Just like your name, the name of a company stays with it all its life and is the foundation of the business structure. A misalignment in the basic structure is going to affect the personality and character of the company. A name is one that resonates with people. Take Facebook, Google, Amazon. The name is not descriptive, but distinctive. It becomes memorable and reflects the character of the business.
This is the reason why new businesses need to start off with the right name. Choosing a name that neither suit your brand nor has no connection with the brand personality is never going to get that solid brand recall. Can you relate to a law firm that's named ‘Happy Hours’. Absolutely not, we immediately think of a bar, right?
While naming a business can in itself be taxing, there are a few things that can really get in the way and muddle up the situation. Here’s a look:
Yes, you’re incredibly excited about your new business and want to choose the perfect name. Asking your friends and family is not going to hurt, right? Wrong!
What’s perfect for you might not be perfect for someone else. At the end of the day, too many cooks do spoil the broth. When you involve too many people in the naming process, you can’t keep everyone happy. Obviously you are going to go only with one name for your business. So, if you go with the name your mom suggests, you might end up offending your partner, who really wanted you to go with his/her suggestion So, where’s the compromise? You’ll choose a dull name that everyone is happy with. Now that you have pleased everyone, are you pleased?
The best thing to do is to keep the people involved in the minimum. Hand-pick the people you want in your decision-making circle, people who contribute the best idea. Choosing a name is not rocket science, it just takes some extra wit.
According to Landor, few things make a name great – Alliteration, Rhyme, Onomatopoeia and Morphemes. And, a lot of people use this as a said formula. Know that this isn’t fixed, and a name shouldn’t be forced. Using nouns is also a great approach. Take Apple, and Amazon for example.
Adjective + Noun
Some people try to fuse an adjective and a noun to create a catchy phrase (or something similar to Morphemes) – it’s not going to work, and wouldn’t just resonate with your brand. This noun and adjective combination isn’t a bad approach; however, it isn’t a go-to solution. For instance, dry cleaner store named their business – Whitex. It’s clever, white + textiles. But naming a spa TranquiSpa is just forced and unimaginative. So, yea, the math just won't add up.
There is a huge difference between using common words and using generic words. For instance, common word names for a fitness studio can be Lean Machines, Shape-Shifters, BEE FIT or Apple Bottom. On the other hand, generic names would be Fitness One, Cross Fit, etc.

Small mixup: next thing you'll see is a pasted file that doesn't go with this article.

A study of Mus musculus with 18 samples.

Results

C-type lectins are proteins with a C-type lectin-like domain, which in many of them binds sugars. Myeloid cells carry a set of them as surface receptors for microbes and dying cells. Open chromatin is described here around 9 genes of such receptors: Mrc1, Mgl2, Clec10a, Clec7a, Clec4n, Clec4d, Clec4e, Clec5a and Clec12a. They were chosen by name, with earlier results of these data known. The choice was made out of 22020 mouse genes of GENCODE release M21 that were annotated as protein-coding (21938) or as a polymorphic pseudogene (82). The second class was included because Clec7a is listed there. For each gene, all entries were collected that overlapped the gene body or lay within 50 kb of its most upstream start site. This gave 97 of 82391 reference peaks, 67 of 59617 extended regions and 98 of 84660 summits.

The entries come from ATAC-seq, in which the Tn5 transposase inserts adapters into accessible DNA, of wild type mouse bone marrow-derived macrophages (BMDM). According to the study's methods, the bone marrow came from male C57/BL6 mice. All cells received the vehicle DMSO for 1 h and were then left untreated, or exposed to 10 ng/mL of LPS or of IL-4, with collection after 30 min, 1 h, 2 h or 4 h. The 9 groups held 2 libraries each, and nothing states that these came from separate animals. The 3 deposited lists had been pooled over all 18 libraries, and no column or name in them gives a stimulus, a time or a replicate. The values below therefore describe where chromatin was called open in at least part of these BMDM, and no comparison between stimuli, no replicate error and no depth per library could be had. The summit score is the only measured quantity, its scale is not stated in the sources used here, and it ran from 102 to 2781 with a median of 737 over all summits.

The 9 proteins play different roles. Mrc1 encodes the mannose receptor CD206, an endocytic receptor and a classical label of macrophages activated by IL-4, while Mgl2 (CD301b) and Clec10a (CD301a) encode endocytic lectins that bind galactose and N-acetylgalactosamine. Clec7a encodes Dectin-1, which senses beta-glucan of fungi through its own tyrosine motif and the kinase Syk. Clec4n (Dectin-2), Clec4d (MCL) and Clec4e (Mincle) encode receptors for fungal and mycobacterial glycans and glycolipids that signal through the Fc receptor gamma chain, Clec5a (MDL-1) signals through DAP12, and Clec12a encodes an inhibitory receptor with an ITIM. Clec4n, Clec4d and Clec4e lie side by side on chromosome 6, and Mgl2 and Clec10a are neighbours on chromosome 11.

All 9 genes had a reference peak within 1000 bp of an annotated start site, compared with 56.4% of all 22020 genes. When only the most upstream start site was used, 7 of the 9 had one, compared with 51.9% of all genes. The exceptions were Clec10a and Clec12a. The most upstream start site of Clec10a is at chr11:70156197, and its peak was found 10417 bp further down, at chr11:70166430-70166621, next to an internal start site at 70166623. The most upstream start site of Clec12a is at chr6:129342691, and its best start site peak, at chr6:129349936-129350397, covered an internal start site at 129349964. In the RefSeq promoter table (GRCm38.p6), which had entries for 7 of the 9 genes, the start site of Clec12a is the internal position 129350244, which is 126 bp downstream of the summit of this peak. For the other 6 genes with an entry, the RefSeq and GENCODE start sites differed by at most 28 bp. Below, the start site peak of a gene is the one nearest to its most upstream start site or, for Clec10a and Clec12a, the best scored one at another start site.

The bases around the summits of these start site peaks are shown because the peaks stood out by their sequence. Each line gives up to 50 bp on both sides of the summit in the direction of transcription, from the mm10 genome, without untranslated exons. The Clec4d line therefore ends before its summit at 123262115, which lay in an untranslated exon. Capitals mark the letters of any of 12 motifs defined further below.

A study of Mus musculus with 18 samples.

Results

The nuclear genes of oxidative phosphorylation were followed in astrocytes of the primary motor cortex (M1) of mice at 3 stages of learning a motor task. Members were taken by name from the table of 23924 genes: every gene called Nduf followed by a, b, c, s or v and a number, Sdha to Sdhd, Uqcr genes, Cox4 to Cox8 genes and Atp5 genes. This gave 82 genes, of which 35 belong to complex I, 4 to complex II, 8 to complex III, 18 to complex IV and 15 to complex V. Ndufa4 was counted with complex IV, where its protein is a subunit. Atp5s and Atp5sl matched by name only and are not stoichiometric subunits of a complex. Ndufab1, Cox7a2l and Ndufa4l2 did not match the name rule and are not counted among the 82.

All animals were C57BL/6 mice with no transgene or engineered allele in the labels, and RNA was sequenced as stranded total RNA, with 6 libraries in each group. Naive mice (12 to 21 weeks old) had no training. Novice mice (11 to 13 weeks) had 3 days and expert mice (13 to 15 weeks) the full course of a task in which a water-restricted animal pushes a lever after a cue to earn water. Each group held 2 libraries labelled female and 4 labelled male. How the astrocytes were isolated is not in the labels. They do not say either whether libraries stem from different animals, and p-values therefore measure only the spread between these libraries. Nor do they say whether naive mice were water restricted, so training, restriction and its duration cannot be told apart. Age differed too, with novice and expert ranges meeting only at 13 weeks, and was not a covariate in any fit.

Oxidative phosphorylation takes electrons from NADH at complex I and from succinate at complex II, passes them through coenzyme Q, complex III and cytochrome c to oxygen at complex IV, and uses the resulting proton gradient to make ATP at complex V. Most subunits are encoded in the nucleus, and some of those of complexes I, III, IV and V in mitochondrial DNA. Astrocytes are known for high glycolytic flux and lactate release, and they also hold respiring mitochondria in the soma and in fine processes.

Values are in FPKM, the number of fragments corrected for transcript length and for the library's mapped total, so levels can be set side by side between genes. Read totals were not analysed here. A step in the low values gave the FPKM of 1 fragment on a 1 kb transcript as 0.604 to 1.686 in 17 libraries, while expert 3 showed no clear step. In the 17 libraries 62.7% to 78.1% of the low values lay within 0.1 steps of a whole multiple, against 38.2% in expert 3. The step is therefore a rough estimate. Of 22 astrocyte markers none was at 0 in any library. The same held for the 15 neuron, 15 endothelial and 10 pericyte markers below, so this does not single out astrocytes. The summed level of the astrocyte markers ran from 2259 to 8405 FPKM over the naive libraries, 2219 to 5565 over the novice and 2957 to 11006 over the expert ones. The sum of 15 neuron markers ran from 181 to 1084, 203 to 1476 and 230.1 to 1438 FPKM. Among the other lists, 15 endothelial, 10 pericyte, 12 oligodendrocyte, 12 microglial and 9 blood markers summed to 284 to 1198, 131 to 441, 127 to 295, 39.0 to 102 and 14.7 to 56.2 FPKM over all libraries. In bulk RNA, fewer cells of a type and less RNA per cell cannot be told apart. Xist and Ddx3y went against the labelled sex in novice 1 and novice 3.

When you go for generic names, there is a lot of possibilities that the name has been overused and might already be common. Your name should be unique and memorable. Further, generic names can also be hard to trademark at a later stage. In most business sectors today there is tough competition. So, do you want to stand out or blend in?
So, most of you have been to the Cheesecake Factory. I think it’s a good thing that the name worked for them (or maybe the credit goes to the show BIG BANG THEORY). When I first went to the shop, I was surprised to find pizzas on the menu. Well, imagine that! This is the problem with descriptive names. If you describe one product in your company name, then you are hugely limiting your business. People who aren’t aware immediately assume that that’s about all you have to offer.
So, you are proud of your origins and have an impressive business story of your humble beginning. But it’s best to leave history and geography in the ‘Aabout Us’ page of your company’s website. A business name with a name of a city or region literally puts boundaries on your business. Did you know that the innovative manufacturing company 3M was initially called Minnesota Manufacturing and Mining? They realized how much their name was hindering business prospects and strategically changed it. Well, how about you get the name right the first time?
Metaphors and superlatives are exciting; however, don’t you think you are overdoing it? A lot of people use words like Dream, Perfect, Beautiful for their wedding dress store. While they seem perfectly harmless, they are thoroughly overused and underwhelming. A name can add more personality to the character of the brand. So, do you want to limit yourself to 'beautiful', 'perfect' or any other such cliché adjective?